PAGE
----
Example of the use of Gas Chromatography and Olfactometry

Gas chromatography (GC) stands as a paramount analytical method in the field of coffee flavour analysis. The intrinsic value of GC in coffee analysis lies in its robust separation capabilities. When a coffee sample undergoes GC analysis, it is first vaporized and then transported through a chromatographic column by an inert carrier gas, typically helium. As the vaporized compounds traverse the column, they interact with the column’s stationary phase, causing each compound to elute at a different rate. This differential elution allows the compounds to be separated from one another as they are carried to the detector, where they are identified and quantified.

The coupling of GC with various detectors enhances its analytical power, especially Mass elective Detection (MSD), Flame Ionization Detection (FID) or Flame Photometric Detection for sulphur compounds. Gas chromatography-olfactometry (GC-O) is another innovative application wherein human sensory analysis is integrated with GC. In this technique, a panel of trained assessors smells the effluent from the GC column and records the odor characteristics and intensity at different time points. This approach allows for the direct correlation of sensory perception with chemical data, highlighting the impact of specific compounds on the overall aroma of coffee.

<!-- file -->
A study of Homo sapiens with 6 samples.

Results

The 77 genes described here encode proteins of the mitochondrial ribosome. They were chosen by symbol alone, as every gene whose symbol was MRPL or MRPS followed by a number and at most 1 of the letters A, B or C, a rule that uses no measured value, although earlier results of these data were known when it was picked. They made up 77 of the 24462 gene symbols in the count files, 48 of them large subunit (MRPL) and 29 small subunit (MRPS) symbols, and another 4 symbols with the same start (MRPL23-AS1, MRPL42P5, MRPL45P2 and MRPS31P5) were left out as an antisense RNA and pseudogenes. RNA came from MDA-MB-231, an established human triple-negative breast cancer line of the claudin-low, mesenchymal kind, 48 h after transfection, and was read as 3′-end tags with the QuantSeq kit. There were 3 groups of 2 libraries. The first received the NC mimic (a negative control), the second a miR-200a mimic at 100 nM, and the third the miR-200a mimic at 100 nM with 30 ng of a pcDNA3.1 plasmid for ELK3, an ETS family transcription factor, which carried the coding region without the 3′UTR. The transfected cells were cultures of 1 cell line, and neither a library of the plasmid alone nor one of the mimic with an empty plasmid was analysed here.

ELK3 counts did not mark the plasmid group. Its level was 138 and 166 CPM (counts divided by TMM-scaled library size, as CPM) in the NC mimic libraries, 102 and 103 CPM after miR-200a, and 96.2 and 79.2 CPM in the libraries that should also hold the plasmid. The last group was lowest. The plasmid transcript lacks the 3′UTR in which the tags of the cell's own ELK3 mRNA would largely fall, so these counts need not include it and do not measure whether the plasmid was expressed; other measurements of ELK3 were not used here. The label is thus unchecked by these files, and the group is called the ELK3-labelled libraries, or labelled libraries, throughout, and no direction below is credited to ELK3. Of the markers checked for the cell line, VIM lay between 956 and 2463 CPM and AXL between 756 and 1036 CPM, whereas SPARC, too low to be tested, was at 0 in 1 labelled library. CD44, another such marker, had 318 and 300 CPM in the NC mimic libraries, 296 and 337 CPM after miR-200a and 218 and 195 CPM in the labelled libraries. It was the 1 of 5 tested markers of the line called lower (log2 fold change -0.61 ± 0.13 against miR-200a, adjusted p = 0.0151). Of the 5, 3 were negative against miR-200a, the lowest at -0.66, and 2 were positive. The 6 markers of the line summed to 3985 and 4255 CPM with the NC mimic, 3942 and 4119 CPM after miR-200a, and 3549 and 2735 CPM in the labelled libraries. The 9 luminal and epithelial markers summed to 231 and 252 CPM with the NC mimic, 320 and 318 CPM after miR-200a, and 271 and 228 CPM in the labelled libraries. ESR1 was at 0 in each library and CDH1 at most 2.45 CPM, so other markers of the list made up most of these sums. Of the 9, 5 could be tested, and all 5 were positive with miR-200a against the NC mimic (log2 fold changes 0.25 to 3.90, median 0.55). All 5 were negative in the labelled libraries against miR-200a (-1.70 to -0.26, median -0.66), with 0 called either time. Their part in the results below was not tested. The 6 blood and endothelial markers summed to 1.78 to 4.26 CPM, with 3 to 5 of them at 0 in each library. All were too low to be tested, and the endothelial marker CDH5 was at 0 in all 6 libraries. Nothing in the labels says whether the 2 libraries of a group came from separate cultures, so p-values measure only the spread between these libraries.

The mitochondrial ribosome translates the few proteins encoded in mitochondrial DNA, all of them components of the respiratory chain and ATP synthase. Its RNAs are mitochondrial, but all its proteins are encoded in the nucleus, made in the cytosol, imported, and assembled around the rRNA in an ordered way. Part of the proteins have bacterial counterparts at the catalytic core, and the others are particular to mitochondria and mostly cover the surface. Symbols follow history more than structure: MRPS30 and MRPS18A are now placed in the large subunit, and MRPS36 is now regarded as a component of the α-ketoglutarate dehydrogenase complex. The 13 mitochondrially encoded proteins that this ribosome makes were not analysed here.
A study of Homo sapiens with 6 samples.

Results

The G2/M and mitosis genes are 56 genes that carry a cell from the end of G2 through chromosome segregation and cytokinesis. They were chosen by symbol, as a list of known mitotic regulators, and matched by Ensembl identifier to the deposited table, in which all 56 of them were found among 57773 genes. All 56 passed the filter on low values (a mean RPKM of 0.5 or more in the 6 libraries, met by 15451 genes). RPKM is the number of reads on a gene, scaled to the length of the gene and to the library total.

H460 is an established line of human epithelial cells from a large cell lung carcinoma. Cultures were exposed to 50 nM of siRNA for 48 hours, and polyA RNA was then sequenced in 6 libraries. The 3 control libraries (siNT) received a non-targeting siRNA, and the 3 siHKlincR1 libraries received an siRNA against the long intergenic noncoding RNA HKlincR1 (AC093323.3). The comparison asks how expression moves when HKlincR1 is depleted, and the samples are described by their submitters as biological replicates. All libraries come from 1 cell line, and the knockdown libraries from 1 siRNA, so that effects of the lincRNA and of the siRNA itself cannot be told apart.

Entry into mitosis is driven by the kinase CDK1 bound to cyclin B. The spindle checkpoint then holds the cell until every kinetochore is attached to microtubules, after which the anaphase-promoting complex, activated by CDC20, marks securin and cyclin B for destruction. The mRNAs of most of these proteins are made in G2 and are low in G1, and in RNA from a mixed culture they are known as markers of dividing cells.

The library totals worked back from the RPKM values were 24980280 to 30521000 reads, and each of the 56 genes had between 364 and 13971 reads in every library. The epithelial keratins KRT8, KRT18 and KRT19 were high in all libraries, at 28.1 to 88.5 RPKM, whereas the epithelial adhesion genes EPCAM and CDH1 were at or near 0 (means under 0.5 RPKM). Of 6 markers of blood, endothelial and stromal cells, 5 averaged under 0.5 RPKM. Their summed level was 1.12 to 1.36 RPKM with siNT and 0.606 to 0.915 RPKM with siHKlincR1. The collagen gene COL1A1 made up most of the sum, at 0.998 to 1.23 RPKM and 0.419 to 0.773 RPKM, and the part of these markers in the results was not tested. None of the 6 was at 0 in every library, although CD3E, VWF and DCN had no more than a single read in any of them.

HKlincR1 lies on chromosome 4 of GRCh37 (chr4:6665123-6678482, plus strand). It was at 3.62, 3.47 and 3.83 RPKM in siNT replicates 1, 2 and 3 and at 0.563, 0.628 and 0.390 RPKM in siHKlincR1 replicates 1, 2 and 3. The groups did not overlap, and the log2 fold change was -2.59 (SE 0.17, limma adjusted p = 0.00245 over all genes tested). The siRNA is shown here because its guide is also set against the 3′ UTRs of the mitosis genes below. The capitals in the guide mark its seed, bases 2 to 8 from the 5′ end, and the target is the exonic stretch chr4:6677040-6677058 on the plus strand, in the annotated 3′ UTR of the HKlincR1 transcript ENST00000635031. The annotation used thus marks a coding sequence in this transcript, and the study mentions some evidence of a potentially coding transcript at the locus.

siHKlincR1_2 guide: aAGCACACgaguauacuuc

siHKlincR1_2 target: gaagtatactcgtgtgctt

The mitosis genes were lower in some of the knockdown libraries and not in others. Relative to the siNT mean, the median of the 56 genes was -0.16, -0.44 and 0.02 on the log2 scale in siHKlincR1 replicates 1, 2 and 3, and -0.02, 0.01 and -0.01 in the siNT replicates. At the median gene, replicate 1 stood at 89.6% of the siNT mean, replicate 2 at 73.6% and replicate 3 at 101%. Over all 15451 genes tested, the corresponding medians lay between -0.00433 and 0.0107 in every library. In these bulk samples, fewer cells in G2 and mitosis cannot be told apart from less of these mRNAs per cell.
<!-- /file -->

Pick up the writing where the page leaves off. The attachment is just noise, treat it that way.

An interesting application of GC/O was the identification of the chemicals responsible for the mouldy/earthy off-notes found in lots of green Mexican coffee (Cantergiani et al., 2010). This allowed identification of several important differences between the extracts that are related to the off-flavour . In particular, earthy, green, chemical and mouldy chromatographic zones were located that could be identified as being 2-Methyl isoborneol, 2,4,6-Trichloroanisole, Geosmin and various Pyrazines.

From this example, it is clear that GC/O is particularly efficient at identifying the main olfactive defaults of the defective sample relative to the reference. It offsets the lack of sensitivity for low concentration flavour active compounds encountered with other detection systems.